When Finnish artist, Tove Jansson, first published The Moomins and the Great Flood in 1945, she began what seemed to be a lifelong journey expressed through her minimalistic and imaginative art style. Now, over 70 years later, her art may still be celebrated at events such as the Southbank exhibit, “Adventures in Moominland” as part of their yearly Winter Festival.
Whilst the first and second iterations of the Moomin chronicles were published in Swedish, the third book was released in English in 1948, and until the 1980s was marketed as the first of the series; Finn Family Moomintroll. Immediately, readers may have been immersed in a world of mysterious creatures, quirky dialogue and unique sceneries. By using her natural Finnish tongue in translation, Jansson may have characterised the Moomins as creatures from beyond this world, as the foreword of the initial book is written by Moominmama who explains the nature of the creatures and acknowledges their ‘rotten’ English.
In 1952, Jansson made the shift to developing the story as a picture book series with the release of Moomin, Mymble and Little My, which led to the establishment of the series as picture-oriented. Then, with the release of Moominland Midwinter in 1957, Jansson began to expand on the characteristics and adversity which Moomins may face, shifting the stories towards an introspective tone.
As time continued, the seemingly unique yet minimalistic Moomins attracted attention and were brought to the market in other forms such as novelty gifts, plush toys and more, as well as instalments such as theatre productions, television shows and cartoons. After her passing in 2001, Tove Jansson’s legacy may continue with the existence of the Moominworld themepark, the ongoing production and reproduction of Moomin stories and merchandise, and exhibitions such as the current display in Southbank.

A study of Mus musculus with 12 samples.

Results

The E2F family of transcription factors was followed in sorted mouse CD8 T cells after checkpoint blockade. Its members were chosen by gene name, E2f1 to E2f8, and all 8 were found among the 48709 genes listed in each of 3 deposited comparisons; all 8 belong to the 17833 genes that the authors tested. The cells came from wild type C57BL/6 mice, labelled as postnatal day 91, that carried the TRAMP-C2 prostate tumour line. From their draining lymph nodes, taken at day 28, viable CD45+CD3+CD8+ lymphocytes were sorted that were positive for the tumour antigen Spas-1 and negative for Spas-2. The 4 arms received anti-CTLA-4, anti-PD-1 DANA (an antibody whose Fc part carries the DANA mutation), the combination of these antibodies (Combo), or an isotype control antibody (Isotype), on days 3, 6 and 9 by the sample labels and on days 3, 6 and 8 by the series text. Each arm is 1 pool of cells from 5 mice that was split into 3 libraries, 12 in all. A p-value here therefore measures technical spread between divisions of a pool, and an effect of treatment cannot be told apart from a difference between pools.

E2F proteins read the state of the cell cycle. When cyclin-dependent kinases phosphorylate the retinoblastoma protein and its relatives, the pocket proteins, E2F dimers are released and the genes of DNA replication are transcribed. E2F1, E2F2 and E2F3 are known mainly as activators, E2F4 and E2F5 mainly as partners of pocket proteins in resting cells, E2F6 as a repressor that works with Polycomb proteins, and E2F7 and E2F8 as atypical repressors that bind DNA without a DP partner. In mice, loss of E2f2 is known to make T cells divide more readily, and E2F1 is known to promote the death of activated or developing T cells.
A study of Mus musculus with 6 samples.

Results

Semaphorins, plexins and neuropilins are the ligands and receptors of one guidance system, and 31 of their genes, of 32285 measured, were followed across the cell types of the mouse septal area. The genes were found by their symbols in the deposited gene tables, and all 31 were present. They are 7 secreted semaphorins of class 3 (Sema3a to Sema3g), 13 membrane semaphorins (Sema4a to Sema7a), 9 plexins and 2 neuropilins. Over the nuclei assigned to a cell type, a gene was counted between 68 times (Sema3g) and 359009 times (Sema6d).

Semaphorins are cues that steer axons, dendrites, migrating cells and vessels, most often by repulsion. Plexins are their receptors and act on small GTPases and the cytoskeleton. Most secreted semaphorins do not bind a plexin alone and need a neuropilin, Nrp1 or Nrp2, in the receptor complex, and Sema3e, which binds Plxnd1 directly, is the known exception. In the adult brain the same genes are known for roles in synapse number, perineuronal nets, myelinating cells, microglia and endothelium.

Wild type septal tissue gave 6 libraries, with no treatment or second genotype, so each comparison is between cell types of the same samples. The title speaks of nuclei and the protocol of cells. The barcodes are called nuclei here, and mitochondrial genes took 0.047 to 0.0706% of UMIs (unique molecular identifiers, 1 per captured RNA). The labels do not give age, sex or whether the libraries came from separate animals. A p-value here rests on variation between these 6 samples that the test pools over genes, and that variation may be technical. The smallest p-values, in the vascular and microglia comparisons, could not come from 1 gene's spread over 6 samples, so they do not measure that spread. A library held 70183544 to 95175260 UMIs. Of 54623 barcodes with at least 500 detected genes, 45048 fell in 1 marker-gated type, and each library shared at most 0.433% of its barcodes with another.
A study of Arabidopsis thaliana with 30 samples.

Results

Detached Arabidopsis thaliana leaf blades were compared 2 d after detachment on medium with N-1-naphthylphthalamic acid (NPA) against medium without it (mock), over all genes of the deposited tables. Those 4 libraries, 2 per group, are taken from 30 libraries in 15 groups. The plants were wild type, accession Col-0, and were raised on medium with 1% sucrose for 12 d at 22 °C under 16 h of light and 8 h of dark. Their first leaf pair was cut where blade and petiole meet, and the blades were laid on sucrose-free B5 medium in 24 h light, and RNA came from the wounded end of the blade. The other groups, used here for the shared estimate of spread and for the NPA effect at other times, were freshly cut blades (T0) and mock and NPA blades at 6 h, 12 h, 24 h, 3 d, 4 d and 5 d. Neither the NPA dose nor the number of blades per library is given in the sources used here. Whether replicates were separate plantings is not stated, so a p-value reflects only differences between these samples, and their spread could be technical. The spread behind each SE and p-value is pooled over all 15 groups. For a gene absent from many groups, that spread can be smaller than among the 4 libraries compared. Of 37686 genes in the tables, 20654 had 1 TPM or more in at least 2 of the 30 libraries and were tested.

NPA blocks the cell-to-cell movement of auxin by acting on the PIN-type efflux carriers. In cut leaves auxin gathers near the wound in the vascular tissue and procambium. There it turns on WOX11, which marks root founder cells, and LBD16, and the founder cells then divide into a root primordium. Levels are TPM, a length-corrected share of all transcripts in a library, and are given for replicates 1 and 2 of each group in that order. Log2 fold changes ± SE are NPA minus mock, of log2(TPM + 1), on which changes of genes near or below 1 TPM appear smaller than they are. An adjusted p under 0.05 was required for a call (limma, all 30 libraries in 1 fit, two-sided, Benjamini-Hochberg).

Featuring interactive fixtures as well as archive materials, “Adventures in Moominland” may be the largest Moomin-oriented exhibition in the history of the United Kingdom, aided by its home in the largest arts centre in the country, the Southbank Centre. Also featured in the exhibition may be materials which have yet to appear in the United Kingdom such as artworks, 3D models of characters and personal letters from Tove to her family and friends, extending the Moomin universe into modern and historic measures.
Aiming to run through until April 2017, the exhibition may also feature stimulating experiences for the younger attendees, such as dynamic and inspirational sceneries and immersive experiences through which they may understand the process and stimulus behind Jansson’s unique world.
One thing which guests may learn in lieu of this new exhibition may be the socio-economic inspirations behind the Moomin narrative, which Jansson’s niece describes as she considers how “Tove’s work was inspired by her life experience – both on the highly personal level of her close relationships and more generally in terms of the influence of Finnish society, politics, lifestyle and landscapes,” suggesting the ways in which the Moomin world may provide refuse from the outside world as well as a developed understanding of the ways in which society and individuals may move through adversity.
Though 2014 marked the centenary year of Tove’s birth, it may be seen through events such as this how her art and narrative continues. Moomins may represent to many a set of fond childhood memories, an instigation of curiosity or perhaps days out with the family from their youth, which children of all ages may still experience today in celebrations of her unique minimalistic style.
How may minimalistic art motivate imagination in all ages?